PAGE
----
Key Settlement in refers to the time interval δ between the date T₀ when the rate r is agreed (i.e. fixed or reset) and the date T₁ when the rate's "spanning time interval" [T₁,T₂] starts, as described at
It is expressed as an object of type
It also defines the DateBump and Calendar conventions used in the determination of both T₁ and T₂
Specifically, T₁ is constructed by shifting T₀ by δ
Subsequently, T₂ is constructed by shifting T₁ by the interval specified in and then bumping the resulting date according to the conventions here.
Typically, it is defined as a with its key set to so that it effectively defines the number nˢ of business days between T₀ and T₁
But there are notable exceptions, such as Libors of currencies other than EUR or GBP, where the entry here must be defined as an object of type containing a chain of single periods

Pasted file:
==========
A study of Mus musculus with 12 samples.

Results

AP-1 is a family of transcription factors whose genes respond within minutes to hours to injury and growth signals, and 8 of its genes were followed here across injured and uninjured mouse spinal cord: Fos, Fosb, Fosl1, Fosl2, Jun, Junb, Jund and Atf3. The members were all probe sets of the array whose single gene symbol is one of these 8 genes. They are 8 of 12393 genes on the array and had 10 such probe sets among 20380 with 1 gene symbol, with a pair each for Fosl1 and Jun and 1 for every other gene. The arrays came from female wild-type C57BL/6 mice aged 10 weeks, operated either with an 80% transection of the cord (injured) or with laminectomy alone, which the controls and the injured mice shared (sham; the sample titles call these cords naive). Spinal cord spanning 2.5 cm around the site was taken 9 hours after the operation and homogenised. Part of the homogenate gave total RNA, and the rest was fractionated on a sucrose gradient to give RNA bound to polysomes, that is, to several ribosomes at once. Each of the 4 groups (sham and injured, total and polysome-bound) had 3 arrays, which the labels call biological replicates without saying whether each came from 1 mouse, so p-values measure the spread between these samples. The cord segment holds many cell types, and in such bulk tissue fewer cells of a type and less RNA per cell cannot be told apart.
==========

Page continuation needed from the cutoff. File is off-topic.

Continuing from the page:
Such rates (for example the USD Libor) are settled by shifting the fixing date forward by N business days (N = 2) according to a certain calendar (UK), but then the produced date is further bumped according to some other calendar (joint UK + US).
These cases are then accommodated with a Period object of the composite type because then the settlement date is constructed by shifting the reference date first by the first Single Period and then by the second Single Period, whereby the second Single Period is set to contain zero days and the required calendar.
In the case of a composite Period entry, the end date is first constructed as described above using the conventions of the first Single Period
Then the resulting date is further shifted by the remaining Single Period objects in sequence.